Harrisonburg City Council was presented with the key findings from last year's housing study on Tuesday.

Along with those key points, the city was given recommendations on how the city can loosen the housing strain.

The truth of the matter is thousands of Harrisonburg residents live in homes that don't line up with their income level, and the ongoing demand for student housing adds pressure by pricing out nonstudent households.

You can read all the nuts and bolts in Ian Munro's stories leading up to, and including, Tuesday night's presentation.

But the one thing that did catch our eye: "The cost of living in Harrisonburg is rising faster than wages and income, and the growth in low-wage jobs increases the demand for affordable housing," said Jessica Lurz, housing and community development specialist at Mullin and Lonergan, the consulting firm hired by the city to do the study.

This results in a "vicious cycle," she said, which cannot be solved simply by building more housing.

Attracting good-paying jobs and providing workforce training was the No. 2 recommendation from the study, behind urging the city to hire a housing coordinator.

So, that leads to the question: What can the city do?

We hope the city will take a long, hard look at the study it commissioned. Because affordable housing in our borders is desperately needed. So, too, are higher-paying jobs.

Yet Harrisonburg can ill afford to leave those who work lower-wage jobs behind.

It's an unenviable task, for sure. But it's the kind of task City Council members are elected to do — look long and look hard.

(4) comments



This study has been available on the Internet for about 2 months (Nov. 20, to be exact), so I am quite sure nothing in the ‘study’ came as a surprise to the collected talent on the council. So, the conclusion is to add another layer of useless fat to the city payroll in the form of a housing coordinator (whatever that is), import higher paying jobs (though the city has demonstrated it is much better at importing low-paying jobs (importing another chicken slaughterhouse is one that comes to mind”) that attract more cheap foreign labor increasing demand for low-rent (or more likely rent-subsidized) properties, while pointing a finger at – you guessed it – homeowners and renters who live a more frugal lifestyle perhaps in order to build their savings for retirement or to simply have an emergency fund to fall back on when needed, and homeowners that prefer to live in single family neighborhoods.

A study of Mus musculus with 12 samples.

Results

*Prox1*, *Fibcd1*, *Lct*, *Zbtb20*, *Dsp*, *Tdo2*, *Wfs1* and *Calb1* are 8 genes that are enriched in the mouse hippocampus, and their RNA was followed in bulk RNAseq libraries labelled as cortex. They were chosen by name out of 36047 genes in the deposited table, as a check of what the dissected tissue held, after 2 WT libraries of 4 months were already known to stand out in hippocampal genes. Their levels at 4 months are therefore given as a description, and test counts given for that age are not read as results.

Given the obvious, one has to ask why Mssrs. Baugh and Romero recently signed a letter demanding Mr. Trump import more ‘refugees’, the majority of which form a part of the cheap labor contingent.


I think you’re correct Donald, the City doesn’t need another person on the payroll to detail the obvious. And I do prefer to live in a residence that is below my means as a hedge against the unknown.

Harrisonburg is on a steep upward property tax trajectory and the end to that situation is nowhere in sight. Combined with the City’s poverty and ALICE rate, that does not bode well for its future.


I too live "below my means." But I think your claim that a housing specialist would be a layer of useless fat is not (necessarily) accurate. I don't know what a housing coordinator entails, but I'd see if other, similar locations have one and if they feel it is worth it before I'd dismiss it out of hand.


Well, if attracting higher paying jobs is the goal, the city could start by ceasing the current trend of raising taxes and chasing profitable businesses from the city.